Will My Insurance Cover the Damage on My Home

Many homeowners have some major event at their home that causes major problems and their first question is “Will My Insurance Cover the Damage on My Home?” That’s when they find out they should have talked to their insurance provider about what-if questions much sooner.

The answer is it depends, sometimes it will and sometimes it will not. We highly recommend you take some time, right now, before you have damage, to get to know your policy and to ask your provider some questions. And to help you ask those questions, we wanted to outline a few areas where we have found that owners were not covered, owners who ended up having to sell their homes as they had no way to get the repairs made.

What is Homeowners Insurance

This is a type of insurance made up of various riders or components that help to repair or replace your home and belongings if there is damage caused by specific things such as fire, wind, hail, or theft. And it may also help cover costs if you accidentally damage someone else’s property, for example, your tree falls on the neighbor’s car. Or if a visitor is hurt while on your property.

So as you are shopping for insurance, ask the providers if this insurance will cover the damage to your home.

Earthquake and Flood Insurance

While not an overly common occurrence here in the Kansas City Metro, most typical policies will not cover the damage caused by these natural disasters. One would need to purchase extra coverage for these occurrences.

Vacant Property Insurance

This is one area where we have ended up purchasing several homes because the owner had a typical homeowner policy and when they had a disaster strike, they found the question of will my insurance policy cover damage to my home to be NO.

In most policies, when a home sits vacant for 30 days or more, the policy even if currently in effect and paid up will not pay out. So if you own rental property right now during the pandemic that you are letting sit vacant here in Kansas City Missouri you may not be covered. If a loved one moved into a nursing home or passed away, and the home has been vacant for more than 30 days, it may not be covered. And if you are going to go on vacation and be gone for more than 30 days, it may not be covered.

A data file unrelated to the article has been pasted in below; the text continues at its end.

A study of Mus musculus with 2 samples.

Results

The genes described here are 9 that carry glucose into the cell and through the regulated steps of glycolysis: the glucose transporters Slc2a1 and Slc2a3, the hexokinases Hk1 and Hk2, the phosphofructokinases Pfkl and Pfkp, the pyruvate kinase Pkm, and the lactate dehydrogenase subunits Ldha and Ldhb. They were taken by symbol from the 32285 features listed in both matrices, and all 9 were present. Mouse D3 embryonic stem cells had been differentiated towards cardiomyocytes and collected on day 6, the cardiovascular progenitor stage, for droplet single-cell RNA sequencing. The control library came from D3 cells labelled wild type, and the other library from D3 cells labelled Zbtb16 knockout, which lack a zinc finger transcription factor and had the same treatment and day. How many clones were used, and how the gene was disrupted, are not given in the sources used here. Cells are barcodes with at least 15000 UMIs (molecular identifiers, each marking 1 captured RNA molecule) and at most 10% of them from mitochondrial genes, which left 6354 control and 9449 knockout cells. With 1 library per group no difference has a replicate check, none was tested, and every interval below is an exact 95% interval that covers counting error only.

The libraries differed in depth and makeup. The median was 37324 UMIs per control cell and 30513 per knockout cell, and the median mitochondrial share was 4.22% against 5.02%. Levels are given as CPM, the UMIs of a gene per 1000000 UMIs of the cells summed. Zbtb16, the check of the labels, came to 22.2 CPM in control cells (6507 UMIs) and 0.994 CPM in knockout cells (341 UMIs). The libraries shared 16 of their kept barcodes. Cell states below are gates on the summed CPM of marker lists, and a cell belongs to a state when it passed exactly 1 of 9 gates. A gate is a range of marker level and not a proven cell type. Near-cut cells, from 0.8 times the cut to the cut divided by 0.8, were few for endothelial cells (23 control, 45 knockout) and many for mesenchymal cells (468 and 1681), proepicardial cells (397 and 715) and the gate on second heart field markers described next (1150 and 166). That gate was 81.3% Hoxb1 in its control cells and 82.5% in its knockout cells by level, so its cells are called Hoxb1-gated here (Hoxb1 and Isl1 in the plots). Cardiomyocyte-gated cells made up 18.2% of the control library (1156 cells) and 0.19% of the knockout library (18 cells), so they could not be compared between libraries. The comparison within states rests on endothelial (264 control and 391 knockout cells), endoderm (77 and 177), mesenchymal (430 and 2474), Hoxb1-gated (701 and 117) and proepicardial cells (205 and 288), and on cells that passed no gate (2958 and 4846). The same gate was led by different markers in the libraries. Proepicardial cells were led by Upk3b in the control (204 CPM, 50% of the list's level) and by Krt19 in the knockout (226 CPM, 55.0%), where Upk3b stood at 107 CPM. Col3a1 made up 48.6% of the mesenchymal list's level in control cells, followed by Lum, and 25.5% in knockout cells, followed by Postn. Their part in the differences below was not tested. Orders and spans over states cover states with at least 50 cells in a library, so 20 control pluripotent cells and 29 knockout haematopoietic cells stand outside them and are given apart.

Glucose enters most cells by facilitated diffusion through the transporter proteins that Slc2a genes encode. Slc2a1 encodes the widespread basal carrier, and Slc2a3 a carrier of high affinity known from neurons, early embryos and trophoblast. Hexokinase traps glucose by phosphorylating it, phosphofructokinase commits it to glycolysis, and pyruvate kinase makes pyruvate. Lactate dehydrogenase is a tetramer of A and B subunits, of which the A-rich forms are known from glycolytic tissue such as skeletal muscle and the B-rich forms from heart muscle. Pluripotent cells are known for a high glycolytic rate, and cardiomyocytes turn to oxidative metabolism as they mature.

So if you have a property that you know is going to be vacant for more than 30 days, you may want to talk to your agent to boost your coverage or purchase a different type of insurance that covers vacant dwellings.

Condo and Multifamily Property

Another instance we have come across several times is when an owner of a unit in a multifamily situation, like a condo, did not have proper coverage. In several of these cases, they were not insured properly and there was major catastrophic water damage that completely destroyed the unit on the inside. The homeowner didn’t have the funds to repair the unit and their insurance did not cover the repairs and the condo association would only cover the property from the walls out, so they had to sell.

If you own a unit like this, please consult with your insurance provider to make sure you have the proper coverage to cover not only theft and damage of belongings, but to rebuild your unit should you have major damage from fire, fire hoses, or even the sprinkler system going off accidentally.

The best time to ask the question, “Will My Insurance Cover the Damage on My Home” is when you are buying that insurance. The second best time is right now, BEFORE any damage or claim. Don’t wait until disaster strikes to find out like several of the home sellers we have worked with to find out that the answer is “NO!”

If you have had a disaster strike and found the answer is no, and you are considering selling the home, we would be happy to take a look and make you an offer. Give us a call or submit on our sell your home form.

Learn more about homeowners insurance from the Insurance Information InstitutePolicyGenius, and Business Insider. Also, take a look at the Incredible Ice Palace article that shows how one homeowner found out his insurance would not cover his water damage.